Pope Francis Challenges Congregation: ‘Rejoice in the Lord Always’
After months of preparation, involving thousands of people from the University community, more than 25,000 people flocked to the campus of The Catholic University of America Sept. 23 to hear Pope Francis deliver a message of love and mercy during the Canonization Mass of St. Junípero Serra.
The Mass, which was concelebrated by 1,000 priests, was held on the East Portico of the Basilica of the National Shrine of the Immaculate Conception. The massive congregation gathered on the University Mall, in crowds that spread from the front of the Basilica to Mullen Library and beyond.
Pope Francis began his homily with a message of joy.
“Rejoice in the Lord always,” he said. “I’ll say it again: Rejoice in the Lord always.”
Rather than settling for earthly pleasures and “things that are comfortable,” the Pope told the massive congregation to avoid falling into apathy, “a habit with a fatal consequence: our hearts go numb.”
Continuing, the Pope said Christians should live out their joyful faith by proclaiming the Gospel to the entire world — going out “to the highways” — and sharing the good news without judgment or condescension.
“Jesus would not provide a short list of who is or who is not worthy of receiving his presence,” Pope Francis said.
Pope Francis also spoke highly of St. Junípero, calling him “the embodiment of a church which goes forth.” He said people should follow in his example by following the new saint’s motto in life: “Siempre Adelante,” which translates to “Keep moving forward.”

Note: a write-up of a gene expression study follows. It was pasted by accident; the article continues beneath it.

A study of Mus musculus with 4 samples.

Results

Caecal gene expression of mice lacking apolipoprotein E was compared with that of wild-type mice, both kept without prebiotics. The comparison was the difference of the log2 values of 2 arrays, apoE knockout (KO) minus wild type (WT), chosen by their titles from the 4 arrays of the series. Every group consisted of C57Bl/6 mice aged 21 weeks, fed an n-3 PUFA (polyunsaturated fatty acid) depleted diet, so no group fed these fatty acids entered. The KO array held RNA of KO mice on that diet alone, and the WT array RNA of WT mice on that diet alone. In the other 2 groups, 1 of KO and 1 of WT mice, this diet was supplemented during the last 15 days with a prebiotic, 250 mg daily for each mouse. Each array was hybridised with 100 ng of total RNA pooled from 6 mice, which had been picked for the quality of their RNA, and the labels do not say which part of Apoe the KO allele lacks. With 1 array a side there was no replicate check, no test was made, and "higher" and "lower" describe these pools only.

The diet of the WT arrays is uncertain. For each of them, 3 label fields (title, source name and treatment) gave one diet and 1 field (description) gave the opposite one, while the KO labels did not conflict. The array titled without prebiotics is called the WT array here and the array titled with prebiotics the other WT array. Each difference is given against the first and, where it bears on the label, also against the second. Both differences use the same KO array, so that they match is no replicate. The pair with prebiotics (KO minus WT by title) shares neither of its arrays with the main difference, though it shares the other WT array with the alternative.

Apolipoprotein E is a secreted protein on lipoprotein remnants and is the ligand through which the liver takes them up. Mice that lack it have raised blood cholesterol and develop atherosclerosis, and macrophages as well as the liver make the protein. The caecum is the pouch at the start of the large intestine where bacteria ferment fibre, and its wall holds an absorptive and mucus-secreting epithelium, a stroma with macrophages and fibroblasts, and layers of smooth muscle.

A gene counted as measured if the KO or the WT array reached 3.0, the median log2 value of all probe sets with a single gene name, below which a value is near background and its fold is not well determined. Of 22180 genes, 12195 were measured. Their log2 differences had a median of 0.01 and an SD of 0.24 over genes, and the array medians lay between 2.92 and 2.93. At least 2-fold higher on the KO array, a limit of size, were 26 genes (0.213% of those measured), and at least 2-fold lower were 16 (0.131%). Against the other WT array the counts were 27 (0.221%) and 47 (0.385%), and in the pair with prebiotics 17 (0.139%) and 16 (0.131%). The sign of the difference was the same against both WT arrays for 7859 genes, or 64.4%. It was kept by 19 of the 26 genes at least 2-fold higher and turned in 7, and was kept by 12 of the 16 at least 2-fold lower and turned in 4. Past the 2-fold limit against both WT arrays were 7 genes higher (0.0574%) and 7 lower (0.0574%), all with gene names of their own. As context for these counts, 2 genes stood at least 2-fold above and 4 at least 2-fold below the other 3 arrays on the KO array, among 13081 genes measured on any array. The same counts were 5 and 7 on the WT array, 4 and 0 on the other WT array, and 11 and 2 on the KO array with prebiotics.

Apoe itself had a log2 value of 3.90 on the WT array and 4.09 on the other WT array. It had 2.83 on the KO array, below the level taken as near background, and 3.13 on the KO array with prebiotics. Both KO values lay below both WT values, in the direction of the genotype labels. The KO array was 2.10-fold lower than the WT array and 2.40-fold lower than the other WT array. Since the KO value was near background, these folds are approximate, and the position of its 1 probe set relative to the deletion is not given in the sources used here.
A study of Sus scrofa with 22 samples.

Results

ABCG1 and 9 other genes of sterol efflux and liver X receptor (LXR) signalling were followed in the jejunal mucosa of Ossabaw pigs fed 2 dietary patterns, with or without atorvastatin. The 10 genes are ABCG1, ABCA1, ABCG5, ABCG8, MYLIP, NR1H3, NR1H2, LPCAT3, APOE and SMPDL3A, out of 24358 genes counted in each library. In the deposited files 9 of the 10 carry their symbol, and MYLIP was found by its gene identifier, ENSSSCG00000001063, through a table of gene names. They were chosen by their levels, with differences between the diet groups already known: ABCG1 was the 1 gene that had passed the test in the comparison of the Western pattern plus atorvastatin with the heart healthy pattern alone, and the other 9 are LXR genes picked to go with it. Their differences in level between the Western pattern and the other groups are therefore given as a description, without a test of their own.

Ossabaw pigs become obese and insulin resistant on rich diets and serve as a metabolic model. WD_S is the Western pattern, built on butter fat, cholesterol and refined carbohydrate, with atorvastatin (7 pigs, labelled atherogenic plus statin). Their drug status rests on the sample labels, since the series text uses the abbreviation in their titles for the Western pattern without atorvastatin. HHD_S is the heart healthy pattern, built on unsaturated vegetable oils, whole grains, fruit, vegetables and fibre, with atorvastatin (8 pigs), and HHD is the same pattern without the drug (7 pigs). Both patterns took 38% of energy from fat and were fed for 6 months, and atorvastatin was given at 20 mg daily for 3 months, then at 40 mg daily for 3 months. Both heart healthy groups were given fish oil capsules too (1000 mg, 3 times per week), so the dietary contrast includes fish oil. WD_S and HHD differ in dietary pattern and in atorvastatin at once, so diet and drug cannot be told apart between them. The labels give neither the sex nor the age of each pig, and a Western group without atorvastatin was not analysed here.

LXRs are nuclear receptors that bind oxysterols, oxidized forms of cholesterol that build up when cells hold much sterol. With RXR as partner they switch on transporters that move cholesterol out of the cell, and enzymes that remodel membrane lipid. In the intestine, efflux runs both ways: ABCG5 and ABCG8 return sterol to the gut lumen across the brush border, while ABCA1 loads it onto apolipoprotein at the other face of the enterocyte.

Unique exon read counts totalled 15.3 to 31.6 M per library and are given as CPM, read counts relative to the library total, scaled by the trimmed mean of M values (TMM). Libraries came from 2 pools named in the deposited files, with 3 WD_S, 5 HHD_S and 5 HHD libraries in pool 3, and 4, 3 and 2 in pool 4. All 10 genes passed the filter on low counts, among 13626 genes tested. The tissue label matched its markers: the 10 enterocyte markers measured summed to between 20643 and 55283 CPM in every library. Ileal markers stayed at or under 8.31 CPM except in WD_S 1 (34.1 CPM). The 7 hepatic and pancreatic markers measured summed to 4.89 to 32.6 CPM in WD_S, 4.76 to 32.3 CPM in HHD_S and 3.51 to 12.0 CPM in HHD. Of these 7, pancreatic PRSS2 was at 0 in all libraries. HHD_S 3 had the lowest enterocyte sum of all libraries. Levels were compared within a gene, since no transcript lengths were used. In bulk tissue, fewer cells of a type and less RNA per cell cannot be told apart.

The Mass, which was celebrated in Spanish, was intended to shine a light on the diverse Catholic community in the United States and the Washington Metropolitan Area. The program included readings in English and the Native American Chochenyo language. Following the Homily, a Universal Prayer included lines read in Korean, American Sign Language, Vietnamese, Tagalog, Igbo, and Creole.
Music for the Mass was provided by the CUA Symphony Orchestra and five choirs, including the University Chamber Choir. The orchestra performed under the direction of Simeone Tartaglione, the orchestra’s music director, while the chamber choir was conducted by Leo Nestor, Justine Bayard Ward Professor and director of choral studies and CUA’s Institute of Sacred Music.
Several alumni and faculty members composed original works for the visit, including Nestor. Nestor’s compositions for the Mass included the introit, the communion antiphon, and an original work, “I am the Living Bread,” that was performed during the communion rite.
Following the Holy Eucharist, which was distributed by more than 200 deacons accompanied by student volunteers, Cardinal Donald Wuerl gave a short address to the Pope and those in attendance.
“Not far from here in 1634, the first Catholics arrived in what is now the United States and began the evangelization effort that we see so wonderfully realized today at this great Basilica of the National Shrine of the Immaculate Conception and the campus of The Catholic University of America,” Cardinal Wuerl said.
“As we seek today to enrich our human culture with the great love — love of God and love of neighbor, we also try to care for our common home, the good earth,” he continued. “We take seriously your call in Laudato Sí to face the challenges of our day and to do so with respect for the dignity of each person; concern for one another, especially the marginalized and the poor; and care for the good earth, God’s gift to us now and for generations to come.”
Thanking the Holy Father for visiting the University and the United States, Cardinal Wuerl continued: “We look to you, Holy Father, for renewed inspiration so that we might truly be evangelizers.”